Is Metro the New Sex?
Metro sells, just like you-know-what-else. That was the word Friday at our Development Boom Summit, as panelists described where residents (and therefore developers) want to locate. Cafritz Enterprises' Jane Lipton Cafritz (flanked by Shapiro Lifschitz's BA Spignardo and Goldstar Group's Michael Brodksy) says the Fort Totten Metro station is the catalyst for her firm's ART Place project, turning a 1940s-vintage garden apartment complex into 2M SF of mixed-use. Jane says new DC residents want Metro to connect them with jobs. Metro also pushed Goldstar to buy up big in the Hill East submarket (near the Eastern Market and Potomac Avenue stations), Michael says, though opportunities to walk and bike are another key factor.
Abdo Development COO Gordon Buist (left, with Kettler's Cindy Clare) says the Brookland/Catholic U area was ignored by developers for years as a "sleepy bedroom community." But seeing the university as an anchor—and the Brookland Metro as a connector—Abdo and Bozzuto Group made a big move to develop there, and the result is the vibrant Monroe Street Market project now delivering. Kettler's m. flats apartments are using the connectivity of another neighborhood—Mt. Vernon Triangle, Cindy says.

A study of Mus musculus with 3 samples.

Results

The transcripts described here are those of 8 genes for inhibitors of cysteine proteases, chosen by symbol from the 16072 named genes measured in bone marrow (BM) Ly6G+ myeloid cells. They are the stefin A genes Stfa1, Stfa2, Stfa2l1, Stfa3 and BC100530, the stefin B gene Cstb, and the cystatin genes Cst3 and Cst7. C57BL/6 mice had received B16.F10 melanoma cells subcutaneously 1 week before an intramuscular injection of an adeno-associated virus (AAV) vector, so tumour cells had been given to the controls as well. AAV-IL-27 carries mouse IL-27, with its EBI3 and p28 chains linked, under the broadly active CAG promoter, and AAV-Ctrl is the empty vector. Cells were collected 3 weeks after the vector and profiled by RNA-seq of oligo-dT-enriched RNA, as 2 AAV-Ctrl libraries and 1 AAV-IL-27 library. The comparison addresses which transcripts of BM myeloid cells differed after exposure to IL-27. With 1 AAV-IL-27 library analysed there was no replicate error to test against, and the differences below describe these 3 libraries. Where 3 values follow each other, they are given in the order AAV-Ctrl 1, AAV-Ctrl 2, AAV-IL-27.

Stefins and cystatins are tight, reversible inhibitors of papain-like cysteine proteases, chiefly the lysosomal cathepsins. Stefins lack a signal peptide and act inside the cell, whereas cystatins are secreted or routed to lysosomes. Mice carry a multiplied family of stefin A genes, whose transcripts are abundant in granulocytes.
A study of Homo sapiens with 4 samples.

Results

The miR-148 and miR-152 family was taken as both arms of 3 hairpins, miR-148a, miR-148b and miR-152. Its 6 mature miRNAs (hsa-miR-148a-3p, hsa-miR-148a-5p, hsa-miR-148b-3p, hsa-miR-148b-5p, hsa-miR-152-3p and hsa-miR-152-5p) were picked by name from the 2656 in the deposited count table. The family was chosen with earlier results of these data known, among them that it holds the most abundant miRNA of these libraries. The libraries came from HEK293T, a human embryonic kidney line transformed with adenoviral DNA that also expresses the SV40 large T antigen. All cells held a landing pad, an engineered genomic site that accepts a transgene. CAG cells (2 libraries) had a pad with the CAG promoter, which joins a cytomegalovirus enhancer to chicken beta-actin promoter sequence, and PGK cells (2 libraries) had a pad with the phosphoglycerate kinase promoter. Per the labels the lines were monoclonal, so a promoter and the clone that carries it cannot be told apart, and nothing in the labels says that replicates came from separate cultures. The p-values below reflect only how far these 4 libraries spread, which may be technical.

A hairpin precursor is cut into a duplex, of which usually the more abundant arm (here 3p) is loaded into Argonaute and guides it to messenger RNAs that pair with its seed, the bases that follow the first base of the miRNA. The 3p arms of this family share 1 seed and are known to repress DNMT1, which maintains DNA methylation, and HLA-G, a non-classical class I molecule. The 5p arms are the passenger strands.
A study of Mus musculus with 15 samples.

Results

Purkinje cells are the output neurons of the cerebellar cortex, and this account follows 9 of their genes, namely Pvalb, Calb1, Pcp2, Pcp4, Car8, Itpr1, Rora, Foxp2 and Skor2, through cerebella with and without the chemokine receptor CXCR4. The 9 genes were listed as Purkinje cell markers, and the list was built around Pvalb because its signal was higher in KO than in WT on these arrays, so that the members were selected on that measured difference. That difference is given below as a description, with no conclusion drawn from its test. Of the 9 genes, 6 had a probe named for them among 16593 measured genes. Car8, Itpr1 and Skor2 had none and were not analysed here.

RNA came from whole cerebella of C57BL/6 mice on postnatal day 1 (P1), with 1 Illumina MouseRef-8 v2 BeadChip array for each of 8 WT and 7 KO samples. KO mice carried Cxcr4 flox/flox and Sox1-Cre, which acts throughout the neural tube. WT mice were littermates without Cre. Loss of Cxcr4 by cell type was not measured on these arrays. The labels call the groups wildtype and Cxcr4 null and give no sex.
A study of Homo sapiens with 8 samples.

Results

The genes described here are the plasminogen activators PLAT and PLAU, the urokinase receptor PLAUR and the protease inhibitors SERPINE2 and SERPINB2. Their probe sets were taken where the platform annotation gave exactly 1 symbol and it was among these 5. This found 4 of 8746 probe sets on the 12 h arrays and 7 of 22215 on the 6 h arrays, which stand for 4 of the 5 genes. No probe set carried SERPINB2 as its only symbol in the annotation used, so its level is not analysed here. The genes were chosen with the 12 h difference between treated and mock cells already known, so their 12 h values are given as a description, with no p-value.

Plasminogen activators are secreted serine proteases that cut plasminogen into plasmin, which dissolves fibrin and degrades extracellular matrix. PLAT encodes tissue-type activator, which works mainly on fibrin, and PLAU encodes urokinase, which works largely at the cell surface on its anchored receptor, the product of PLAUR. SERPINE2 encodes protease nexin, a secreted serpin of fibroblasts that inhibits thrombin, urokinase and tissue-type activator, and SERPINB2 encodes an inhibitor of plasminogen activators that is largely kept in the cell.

But the capital stack isn't always easy to come by when developing in emerging neighborhoods, according to Duball's Marc Dubick. Large institutions and life companies can be hesitant. (It sounds like life companies don't like grabbing life by the horns.) Having a development partner with a solid track record or a project anchor can help ease the risk for the lenders, as Duball is proving with its Swift mixed-use project in Petworth. The firm was able to team up with Buvermo Investments on the development side and the complex has Safeway as a retail anchor.
Many multifamily projects in emerging spots cater directly to Millennials, says Roadside Development's Armond Spikell (right, with Lowe Enterprises' Joe Carrol). But developers are still trying to figure out their living habits for years to come, as far as whether they'll stay urban or move to the suburbs. Armond says he thinks the former is true, and there could be a big opportunity for developers to build product with more bedrooms to accommodate families. (It'd be easy to convert the dog parks that Millennials love into baby park. Just change the sign.) Stay tuned for even more Boom coverage tomorrow.